By Jason Alderman
If you’re plagued by winter drafts and high heating bills but can’t afford to weatherproof your home, the U.S. Department of Energy’s (DOE) Weatherization Assistance Program (WAP) just might be able to help.
Since 1976, WAP has helped protect more than 6 million low-income households from summer’s heat and winter’s cold, significantly lowering both individual utility bills and overall national energy usage. And thanks to a dramatic $5 billion infusion from last year’s American Recovery and Investment Act, WAP is on target to weatherize – for free – an additional 1 million households a year.
Here’s how WAP works:
Each year, Congress appropriates funding to the DOE to administer the program. DOE then provides WAP funding and technical guidance to individual states, U.S. territories and Indian tribes, which in turn fund local agencies to install energy conservation materials and make repairs in qualified low-income homes.
The 2009 Recovery Act increased the average household expenditure limit from $2,500 to $6,500. It also expanded WAP eligibility to include anyone whose income is at or below 200 percent of the poverty level for their household size. Each state sets its own program rules, however, so many have more generous eligibility criteria.
WAP provides energy-efficiency services that are tailored to each home, whether a single- or multi-family dwelling or mobile home. Homeowners and renters can apply, although renters must obtain written permission from their landlords.
As many as 30 million families are eligible for WAP. Those receiving Supplemental Security Income or Aid to Families with Dependent Children are automatically eligible. In other cases, preference is usually given to people over age 60, families with one or more disabled members and families with children.
To see if you are eligible for WAP, visit www.eere.energy.gov/weatherization, which contains application instructions, contact information for individual state programs and local weatherization service providers, frequently asked questions, and a step-by-step description of how the process works.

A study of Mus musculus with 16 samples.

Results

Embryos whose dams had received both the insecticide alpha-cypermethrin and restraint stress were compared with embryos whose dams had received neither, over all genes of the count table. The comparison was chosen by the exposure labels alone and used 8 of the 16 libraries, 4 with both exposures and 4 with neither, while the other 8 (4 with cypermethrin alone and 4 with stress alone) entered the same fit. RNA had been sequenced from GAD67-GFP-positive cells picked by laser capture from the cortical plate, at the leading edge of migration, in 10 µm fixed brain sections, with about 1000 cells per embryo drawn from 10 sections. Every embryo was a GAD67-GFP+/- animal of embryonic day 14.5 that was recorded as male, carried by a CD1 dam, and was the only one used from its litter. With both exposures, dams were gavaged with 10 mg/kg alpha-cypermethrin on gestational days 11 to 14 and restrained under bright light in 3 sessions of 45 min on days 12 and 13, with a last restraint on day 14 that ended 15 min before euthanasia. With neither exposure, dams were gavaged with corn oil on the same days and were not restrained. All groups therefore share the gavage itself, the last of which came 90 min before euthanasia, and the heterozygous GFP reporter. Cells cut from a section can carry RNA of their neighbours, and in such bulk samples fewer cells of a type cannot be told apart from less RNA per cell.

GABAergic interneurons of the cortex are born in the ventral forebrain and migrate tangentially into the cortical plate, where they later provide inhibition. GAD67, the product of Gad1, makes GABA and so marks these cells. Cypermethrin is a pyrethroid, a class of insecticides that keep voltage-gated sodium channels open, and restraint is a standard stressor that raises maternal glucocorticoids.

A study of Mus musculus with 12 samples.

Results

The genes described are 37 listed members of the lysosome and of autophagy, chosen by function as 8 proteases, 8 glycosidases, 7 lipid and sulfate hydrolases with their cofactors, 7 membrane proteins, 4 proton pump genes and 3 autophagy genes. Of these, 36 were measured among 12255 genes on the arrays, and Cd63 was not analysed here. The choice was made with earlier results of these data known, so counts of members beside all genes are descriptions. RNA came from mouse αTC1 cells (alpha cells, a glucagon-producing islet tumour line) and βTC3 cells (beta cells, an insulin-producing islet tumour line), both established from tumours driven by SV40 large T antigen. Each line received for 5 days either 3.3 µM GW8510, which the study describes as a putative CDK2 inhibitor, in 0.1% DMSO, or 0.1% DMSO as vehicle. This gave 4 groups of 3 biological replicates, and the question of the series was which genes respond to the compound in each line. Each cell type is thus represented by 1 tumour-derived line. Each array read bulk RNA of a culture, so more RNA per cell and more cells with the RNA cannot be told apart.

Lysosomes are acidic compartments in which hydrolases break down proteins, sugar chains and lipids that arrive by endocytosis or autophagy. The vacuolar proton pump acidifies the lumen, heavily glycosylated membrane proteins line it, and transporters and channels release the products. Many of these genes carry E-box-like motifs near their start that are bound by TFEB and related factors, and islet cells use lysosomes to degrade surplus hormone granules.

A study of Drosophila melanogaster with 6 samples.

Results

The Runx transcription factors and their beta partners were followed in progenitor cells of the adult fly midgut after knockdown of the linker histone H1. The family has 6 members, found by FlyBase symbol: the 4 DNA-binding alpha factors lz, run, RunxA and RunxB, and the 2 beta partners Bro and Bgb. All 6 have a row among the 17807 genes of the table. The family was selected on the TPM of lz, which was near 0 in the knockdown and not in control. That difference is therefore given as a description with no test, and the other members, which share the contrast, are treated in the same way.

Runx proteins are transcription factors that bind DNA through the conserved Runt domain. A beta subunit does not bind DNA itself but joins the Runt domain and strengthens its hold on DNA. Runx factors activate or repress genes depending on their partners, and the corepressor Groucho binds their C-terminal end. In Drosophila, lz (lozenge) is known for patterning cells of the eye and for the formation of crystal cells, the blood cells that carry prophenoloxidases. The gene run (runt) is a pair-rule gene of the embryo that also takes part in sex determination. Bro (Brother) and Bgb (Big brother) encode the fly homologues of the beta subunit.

As part of the application process you will be asked to provide proof of income and other qualifying information. If accepted, you will receive a professional energy consultation by the agency. They will conduct a home energy audit during which they will likely:
• Analyze your utility bills
• Test infiltration of outside air into your home
• Inspect your home and equipment for safety
• Determine the most cost-effective energy conservation measures for your home.
Depending on what they find, the agency will then conduct needed repairs and equipment installation, which might include: installing wall, floor and attic insulation; sealing and repairing ducts; reducing air infiltration and pressure imbalances; and tuning, repairing or replacing heating and cooling systems, as needed. You also will receive tips on ways to further reduce your utility bills on an ongoing basis.
Even if you aren’t eligible for WAP, you may qualify for short-term utility bill assistance through the Low-Income Home Energy Assistance Program, which is funded by the U.S. Department of Health and Human Services and administered by individual states. To learn more, visit www.acf.hhs.gov/programs/ocs/liheap.
Don’t let personal income challenges stand in the way of weatherproofing your home or paying your heating bill this winter.
Jason Alderman directs Visa’s financial education programs. Sign up for his free monthly e-Newsletter at www.practicalmoneyskills.com/newsletter.